Women’s Authority and Leadership in a Hindu Goddess Tradition by Nanette R. Spina

Monograph

 

Spina, Nanette R. Women’s Authority and Leadership in a Hindu Goddess Tradition. New York: Palgrave Macmillan, 2017.

 

This book investigates women’s ritual authority and the common boundaries between religion and notions of gender, ethnicity, and identity. Nanette R. Spina situates her study within the transnational Melmaruvathur Adhiparasakthi movement established by the Tamil Indian guru, Bangaru Adigalar. One of the most prominent, defining elements of this tradition is that women are privileged with positions of leadership and ritual authority. This represents an extraordinary shift from orthodox tradition in which religious authority has been the exclusive domain of male Brahmin priests. Presenting historical and contemporary perspectives on the transnational Adhiparasakthi organization, Spina analyzes women’s roles and means of expression within the tradition. The book takes a close look at the Adhiparasakthi society in Toronto, Canada (a Hindu community in both its transnational and diasporic dimensions), and how this Canadian temple has both shaped and demonstrated their own diasporic Hindu identity. The Toronto Adhiparasakthi society illustrates how Goddess theology, women's ritual authority, and “inclusivity” ethics have dynamically shaped the identity of this prominent movement overseas.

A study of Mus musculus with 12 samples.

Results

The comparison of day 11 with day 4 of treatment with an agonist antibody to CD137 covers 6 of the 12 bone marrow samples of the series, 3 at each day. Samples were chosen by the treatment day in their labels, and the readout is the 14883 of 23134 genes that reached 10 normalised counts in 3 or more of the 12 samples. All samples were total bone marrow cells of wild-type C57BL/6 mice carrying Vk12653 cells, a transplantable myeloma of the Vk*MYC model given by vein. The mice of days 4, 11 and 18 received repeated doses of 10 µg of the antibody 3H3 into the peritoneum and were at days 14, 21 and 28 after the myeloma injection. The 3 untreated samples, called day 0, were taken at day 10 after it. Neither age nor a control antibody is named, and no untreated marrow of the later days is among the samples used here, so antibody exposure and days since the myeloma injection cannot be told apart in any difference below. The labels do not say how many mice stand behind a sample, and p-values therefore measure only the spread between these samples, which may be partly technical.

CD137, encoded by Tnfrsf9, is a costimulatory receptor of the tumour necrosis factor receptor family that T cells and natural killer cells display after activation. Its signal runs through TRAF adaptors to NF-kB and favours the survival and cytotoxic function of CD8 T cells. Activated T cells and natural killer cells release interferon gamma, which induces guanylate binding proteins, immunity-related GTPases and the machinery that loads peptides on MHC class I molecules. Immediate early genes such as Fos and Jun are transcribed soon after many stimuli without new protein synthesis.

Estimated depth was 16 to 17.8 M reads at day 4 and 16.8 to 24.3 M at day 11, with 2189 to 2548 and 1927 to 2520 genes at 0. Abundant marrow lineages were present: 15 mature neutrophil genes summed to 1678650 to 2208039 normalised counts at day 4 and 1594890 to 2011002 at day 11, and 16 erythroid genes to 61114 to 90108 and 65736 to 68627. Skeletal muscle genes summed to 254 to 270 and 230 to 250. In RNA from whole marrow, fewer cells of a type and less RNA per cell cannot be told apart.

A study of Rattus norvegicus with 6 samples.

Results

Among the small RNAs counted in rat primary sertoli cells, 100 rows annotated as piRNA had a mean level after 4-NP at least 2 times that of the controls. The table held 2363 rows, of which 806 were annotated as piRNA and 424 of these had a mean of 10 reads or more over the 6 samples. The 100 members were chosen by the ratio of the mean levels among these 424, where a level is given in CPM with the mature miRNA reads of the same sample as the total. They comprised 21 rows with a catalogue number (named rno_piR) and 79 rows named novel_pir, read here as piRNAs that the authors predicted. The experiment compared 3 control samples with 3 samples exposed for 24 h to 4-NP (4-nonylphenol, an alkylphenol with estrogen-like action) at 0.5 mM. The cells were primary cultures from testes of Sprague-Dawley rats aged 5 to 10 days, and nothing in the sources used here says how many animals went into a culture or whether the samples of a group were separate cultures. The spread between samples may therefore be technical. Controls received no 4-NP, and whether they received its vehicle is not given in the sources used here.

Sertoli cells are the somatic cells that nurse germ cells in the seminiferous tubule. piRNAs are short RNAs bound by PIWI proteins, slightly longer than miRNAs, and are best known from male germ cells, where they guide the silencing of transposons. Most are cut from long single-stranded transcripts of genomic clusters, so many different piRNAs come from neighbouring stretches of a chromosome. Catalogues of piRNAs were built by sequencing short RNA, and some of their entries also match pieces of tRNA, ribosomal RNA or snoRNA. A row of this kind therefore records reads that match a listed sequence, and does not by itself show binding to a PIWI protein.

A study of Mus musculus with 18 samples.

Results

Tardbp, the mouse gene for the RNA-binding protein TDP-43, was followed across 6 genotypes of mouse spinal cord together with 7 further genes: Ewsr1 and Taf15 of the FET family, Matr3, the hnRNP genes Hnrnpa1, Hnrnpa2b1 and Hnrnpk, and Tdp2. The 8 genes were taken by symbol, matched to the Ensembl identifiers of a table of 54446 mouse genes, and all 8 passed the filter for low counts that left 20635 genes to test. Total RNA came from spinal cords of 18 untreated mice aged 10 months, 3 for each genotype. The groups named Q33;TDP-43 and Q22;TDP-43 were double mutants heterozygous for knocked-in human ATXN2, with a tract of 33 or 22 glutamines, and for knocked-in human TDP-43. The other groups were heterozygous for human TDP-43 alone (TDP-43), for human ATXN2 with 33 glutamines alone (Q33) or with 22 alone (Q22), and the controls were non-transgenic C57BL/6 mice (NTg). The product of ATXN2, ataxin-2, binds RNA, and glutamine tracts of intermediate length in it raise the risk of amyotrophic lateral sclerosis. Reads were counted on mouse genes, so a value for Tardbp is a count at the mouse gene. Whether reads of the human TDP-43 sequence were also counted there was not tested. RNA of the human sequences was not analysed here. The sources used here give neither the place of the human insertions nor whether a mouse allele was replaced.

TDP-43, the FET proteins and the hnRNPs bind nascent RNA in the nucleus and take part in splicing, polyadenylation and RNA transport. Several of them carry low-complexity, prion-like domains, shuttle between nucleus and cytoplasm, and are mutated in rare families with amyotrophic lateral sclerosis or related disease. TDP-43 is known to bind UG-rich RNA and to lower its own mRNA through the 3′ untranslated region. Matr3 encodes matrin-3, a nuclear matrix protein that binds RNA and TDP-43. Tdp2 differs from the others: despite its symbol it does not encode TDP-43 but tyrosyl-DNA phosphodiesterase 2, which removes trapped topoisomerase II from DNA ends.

Based on years of ethnographic fieldwork, the volume draws the reader into the rich textures of culture, community, and ritual life with the Goddess.

Nanette R. Spina, Associate Professor and Graduate Coordinator in Religion at the University of Georgia. Her research area includes Hindu traditions in India, Sri Lanka, and North America. She utilizes historical and ethnographic research methods, and has conducted field studies among religious communities in South Asia and North America, including an extensive field study in Toronto, Canada. Her research interests include Hindu Studies, Goddess Traditions, Transnational Religion and Diasporas, Ritual, Women’s Ritual Agency, and issues at the intersection of Religion & Migration, and Religion & Gender.  Dr. Spina is currently program co-chair of the Religion and Migration Unit at the American Academy of Religion.